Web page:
Jeffrey Johnson is a legal writer with a focus on personal injury. He has worked on personal injury and sovereign immunity litigation in addition to experience in family, estate, and criminal law. He earned a J.D. from the University of Baltimore and has worked in legal offices and non-profits in Maryland, Texas, and North Carolina. He has also earned an MFA in screenwriting from Chapman Univer...



Most jurisdictions do not permit parties in small claims cases to be represented by lawyers. This requirement enables small claims court judges to conduct hearings in a more relaxed, less formal manner, with some leeway allowed with respect to introducing evidence. However, since small claims courts are still courts of law, the rules of evidence still apply. Evidence must be introduced to support your case, and it must be introduced properly.

The Importance of Evidence in Small Claims Court

Telling your story in small claims court requires proving your case in an orderly, systematic manner. To do this, you usually need witnesses and/or admissible evidence. A jurisdiction’s rules of evidence will indicate what is admissible and what is not. For example, hearsay, a statement made out of court, is considered inadmissible in most jurisdictions (except in certain limited circumstances). At trial, the judge will consider only admissible evidence presented by both sides in the case. The winner in small claims court will be the one who presented the most convincing, admissible evidence to the judge to support his/her story.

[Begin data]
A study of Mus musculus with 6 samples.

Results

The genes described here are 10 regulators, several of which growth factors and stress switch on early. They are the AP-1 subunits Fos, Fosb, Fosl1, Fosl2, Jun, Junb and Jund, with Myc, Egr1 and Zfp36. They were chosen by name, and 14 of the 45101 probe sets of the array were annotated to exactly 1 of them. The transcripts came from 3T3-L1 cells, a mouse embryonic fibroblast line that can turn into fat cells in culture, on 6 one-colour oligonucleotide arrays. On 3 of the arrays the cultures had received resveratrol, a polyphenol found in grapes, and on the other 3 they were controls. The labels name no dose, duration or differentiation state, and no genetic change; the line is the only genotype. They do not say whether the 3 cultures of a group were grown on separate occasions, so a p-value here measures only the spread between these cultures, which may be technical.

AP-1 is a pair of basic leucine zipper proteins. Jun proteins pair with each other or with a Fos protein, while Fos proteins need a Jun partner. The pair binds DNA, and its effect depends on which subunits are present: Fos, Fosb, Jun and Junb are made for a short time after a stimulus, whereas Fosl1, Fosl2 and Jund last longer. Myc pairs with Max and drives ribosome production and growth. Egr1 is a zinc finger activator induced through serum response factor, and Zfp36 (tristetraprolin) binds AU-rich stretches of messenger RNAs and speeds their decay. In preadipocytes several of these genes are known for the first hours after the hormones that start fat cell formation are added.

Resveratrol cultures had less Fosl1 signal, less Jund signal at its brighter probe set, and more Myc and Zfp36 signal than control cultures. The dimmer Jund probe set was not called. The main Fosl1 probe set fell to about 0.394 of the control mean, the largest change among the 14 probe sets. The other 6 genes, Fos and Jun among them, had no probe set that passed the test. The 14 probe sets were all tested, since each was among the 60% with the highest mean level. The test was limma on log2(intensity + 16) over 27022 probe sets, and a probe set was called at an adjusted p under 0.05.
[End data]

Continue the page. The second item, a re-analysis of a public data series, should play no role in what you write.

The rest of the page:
If you have a claim and are considering small claims court, you should make yourself aware of the court rules in your jurisdiction, including especially the evidence code. This information can generally be found in a legal library or on the Internet. If you find the rules are too complex to implement on your own, don’t feel bad: even lawyers can have trouble with this, and they work with evidence on a daily basis! Your best bet, if you intend to win your small claims court case, is to consult with an experienced attorney beforehand for advice on your claim.